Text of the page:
The Office Messiah
You think your office is bad? At least you don’t have an intern who turns the ink in the copy machine to wine or someone who brings loaves and fishes into the office and stinks it up. Imagine “Office Space” meets the Holy Bible. “The Office Messiah” was originally published by Bards and Sages. This quirky comedy is about 1240 words.
The Office Messiah
by Sarina Dorie
“Blessed are those who giveth a stapler unto me,” said Jesus, looming over the Formica counter of the front desk.
Gladys frowned up at him in his long white robes and hippie beard. The new guy was definitely a bit much at times, even for a former deity. “No,” she said, and resumed filing yesterday’s invoices.
“Love thy neighbor as thyself . . . and thou shalt giveth a new stapler unto me,” he said more firmly.
Human Resources always sent her the rejects no one wanted to deal with and she had to figure out what to do with them. And they had to send her this son-of-a-God problem they couldn’t fire when she was swamped with more prayers to file at the agency than ever.
She wiped her horn-rimmed glasses on her sweater and replaced them on her nose, buying herself a moment to think. “Look kid, we don’t have a budget for new office supplies. Use the one in the copy room.”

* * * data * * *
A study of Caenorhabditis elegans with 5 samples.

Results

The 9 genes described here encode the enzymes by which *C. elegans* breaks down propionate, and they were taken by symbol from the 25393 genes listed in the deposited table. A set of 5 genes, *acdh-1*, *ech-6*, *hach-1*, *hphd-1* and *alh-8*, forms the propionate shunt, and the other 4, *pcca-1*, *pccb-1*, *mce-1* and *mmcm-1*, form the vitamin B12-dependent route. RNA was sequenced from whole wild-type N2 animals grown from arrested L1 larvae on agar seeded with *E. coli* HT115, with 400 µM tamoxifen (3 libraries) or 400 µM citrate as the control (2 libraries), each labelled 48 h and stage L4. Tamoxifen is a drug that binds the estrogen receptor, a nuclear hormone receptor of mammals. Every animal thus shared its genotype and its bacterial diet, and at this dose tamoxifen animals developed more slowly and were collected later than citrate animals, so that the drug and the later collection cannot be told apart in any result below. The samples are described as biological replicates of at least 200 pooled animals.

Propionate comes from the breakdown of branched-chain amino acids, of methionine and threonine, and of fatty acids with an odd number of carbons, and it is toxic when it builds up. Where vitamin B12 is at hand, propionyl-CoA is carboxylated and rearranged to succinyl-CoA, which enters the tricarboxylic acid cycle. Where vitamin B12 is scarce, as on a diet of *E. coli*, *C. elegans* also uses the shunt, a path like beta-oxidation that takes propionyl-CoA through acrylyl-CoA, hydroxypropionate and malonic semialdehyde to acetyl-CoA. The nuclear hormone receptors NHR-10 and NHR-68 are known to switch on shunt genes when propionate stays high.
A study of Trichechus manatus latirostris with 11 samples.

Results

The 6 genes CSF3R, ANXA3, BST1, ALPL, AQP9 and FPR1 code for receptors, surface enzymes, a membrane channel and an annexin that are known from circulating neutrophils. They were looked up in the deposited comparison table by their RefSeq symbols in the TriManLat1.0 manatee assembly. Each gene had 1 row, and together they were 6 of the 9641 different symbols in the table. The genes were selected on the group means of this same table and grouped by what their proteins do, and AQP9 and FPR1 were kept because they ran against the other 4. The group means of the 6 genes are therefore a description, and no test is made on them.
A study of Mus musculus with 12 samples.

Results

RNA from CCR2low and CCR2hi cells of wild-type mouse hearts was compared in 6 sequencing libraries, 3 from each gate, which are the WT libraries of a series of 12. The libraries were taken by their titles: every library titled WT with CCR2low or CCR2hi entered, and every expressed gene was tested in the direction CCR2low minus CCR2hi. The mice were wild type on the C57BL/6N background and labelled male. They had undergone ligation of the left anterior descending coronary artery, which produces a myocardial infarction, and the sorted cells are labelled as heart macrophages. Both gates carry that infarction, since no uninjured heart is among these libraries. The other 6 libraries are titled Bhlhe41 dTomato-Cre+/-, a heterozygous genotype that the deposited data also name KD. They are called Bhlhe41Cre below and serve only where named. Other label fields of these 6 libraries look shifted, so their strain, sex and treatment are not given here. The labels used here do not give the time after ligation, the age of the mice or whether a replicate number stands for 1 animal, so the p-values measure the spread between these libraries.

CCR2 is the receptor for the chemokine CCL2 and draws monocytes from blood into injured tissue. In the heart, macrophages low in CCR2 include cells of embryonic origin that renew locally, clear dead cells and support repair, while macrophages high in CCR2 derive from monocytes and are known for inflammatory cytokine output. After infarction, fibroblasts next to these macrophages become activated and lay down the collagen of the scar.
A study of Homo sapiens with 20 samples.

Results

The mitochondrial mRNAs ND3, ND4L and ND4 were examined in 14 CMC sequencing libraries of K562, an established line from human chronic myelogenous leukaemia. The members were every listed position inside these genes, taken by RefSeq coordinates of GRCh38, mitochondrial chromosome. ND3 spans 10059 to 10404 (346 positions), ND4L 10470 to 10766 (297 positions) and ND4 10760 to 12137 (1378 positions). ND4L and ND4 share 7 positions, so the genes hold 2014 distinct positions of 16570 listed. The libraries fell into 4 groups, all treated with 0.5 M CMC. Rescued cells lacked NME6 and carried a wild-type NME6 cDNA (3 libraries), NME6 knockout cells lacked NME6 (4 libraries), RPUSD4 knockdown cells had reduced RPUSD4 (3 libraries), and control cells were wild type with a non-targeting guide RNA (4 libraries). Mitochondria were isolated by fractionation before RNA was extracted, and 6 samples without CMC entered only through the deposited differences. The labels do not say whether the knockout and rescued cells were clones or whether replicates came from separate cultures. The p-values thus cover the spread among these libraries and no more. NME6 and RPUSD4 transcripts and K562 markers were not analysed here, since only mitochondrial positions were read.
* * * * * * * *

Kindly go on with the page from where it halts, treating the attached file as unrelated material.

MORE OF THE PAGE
The new guy trudged away. A few hours later, Gladys received complaints that no one could get any work done with all the parables Jesus kept telling. Worse yet, he flooded the bathroom in order to show others how he could walk on water. It wasn’t long before he found something else to pester her about.
“My paperclips need to be reneweth,” he said.
Gladys noticed his feet were now bare and he wore a crown of thorns on his head. She raised an eyebrow. “Excuse me, where are your shoes, son?”
“The Lord hath no need for material—”
“Company policy, all employees need to be fully dressed. Get your shoes on or come back when you have them. And hats aren’t allowed.” She would have liked to resume filing prayer reports, so she wouldn’t be chastised for not keeping up with productivity, but no, she had to deal with this failed divinity.
“What dost thou knowest of suffering of the body when one compares that to the suffering of the soul? Oh, and by the way, you may reneweth my paperclips.”
Gladys could feel her blood pressure rising. “And I needeth you to get your shoes on,” she said. When he didn’t move, she added, “Or no paperclips.”